FARNBOROUGH, England: Record temperatures at the Farnborough Airshow this week have ratcheted up pressure on global aviation to shrink airplane emissions and turn a raft of potential solutions – many of which are yet to be proven – into reality.
The airline industry, responsible for nearly three per cent of global carbon dioxide emissions, faces formidable challenges to meet ambitious goals to cut emissions. Global airlines and aerospace manufacturers have vowed to be net zero by 2050.
The boss of planemaker Airbus said the heatwave was a strong reminder of the need for urgency.
“I consider there is urgency, speed is of the essence in the transition,” Guillaume Faury said. “And in an industry that is hard to abate ... we need to be moving fast.”
The US and Europe are trying to boost production of sustainable aviation fuel, or SAF, which is now made in miniscule quantities from feedstocks like used cooking oil, and can be two to five times more expensive than standard jet fuel.
In the US, Congress has to date failed to approve tax credits that would make SAF cost competitive.
Rolls-Royce says biofuels cannot not solve the problem alone.
“There’s only so much used cooking oil you can synthesise,” said the engine maker’s chief executive Grazia Vittadini.
The problem is there is not much “green” hydrogen – produced using renewable energy – around to combine with captured carbon to make it, she said.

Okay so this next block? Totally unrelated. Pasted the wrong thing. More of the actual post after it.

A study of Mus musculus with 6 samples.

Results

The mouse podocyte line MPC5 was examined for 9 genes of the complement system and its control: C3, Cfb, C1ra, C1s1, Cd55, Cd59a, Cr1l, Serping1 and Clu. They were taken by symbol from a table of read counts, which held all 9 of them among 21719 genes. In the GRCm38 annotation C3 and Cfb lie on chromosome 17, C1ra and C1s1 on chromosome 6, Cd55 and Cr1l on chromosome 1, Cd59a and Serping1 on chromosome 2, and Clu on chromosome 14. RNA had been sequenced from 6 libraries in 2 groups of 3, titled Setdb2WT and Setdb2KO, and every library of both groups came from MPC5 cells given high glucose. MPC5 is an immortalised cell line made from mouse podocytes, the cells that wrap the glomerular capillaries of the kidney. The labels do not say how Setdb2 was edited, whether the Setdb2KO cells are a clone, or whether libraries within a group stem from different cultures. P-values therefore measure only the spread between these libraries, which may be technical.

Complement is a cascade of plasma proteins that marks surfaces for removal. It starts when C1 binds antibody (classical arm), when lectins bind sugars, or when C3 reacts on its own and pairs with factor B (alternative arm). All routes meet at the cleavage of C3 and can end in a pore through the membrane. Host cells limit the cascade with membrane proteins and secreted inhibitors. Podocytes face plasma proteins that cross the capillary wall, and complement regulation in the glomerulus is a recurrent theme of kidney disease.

Other short-term options include boosting the efficiency of engines, speeding up the replacement of older less efficient aircraft and improving the routing of airplanes to cut emissions.
Companies are working on longer-term solutions like electric or hydrogen-powered airplanes, but critics say those are still a long way from reality.
Airbus and more than a half dozen airlines said at the show they had signed letters of intent to potentially buy carbon removal credits to offset the emissions from air travel from a planned direct air carbon capture and storage facility in Texas.
Boeing Commercial Airplanes CEO Stan Deal said it was important new requirements were “underpinned by real technology that can meet the standards.”
The prior ICAO standards were criticised by many environmentalists for doing little to cut emissions.
While pros and cons of competing technologies were debated, the need for progress appeared settled.
“The industry doesn’t need any more signals,” said Embraer Commercial Aviation CEO Arjan Meijer.
“You only have to walk around the air show here to see that sustainability is at the front of everyone’s mind. And if you compare what you see today to what you saw three years ago, it’s a massive shift.”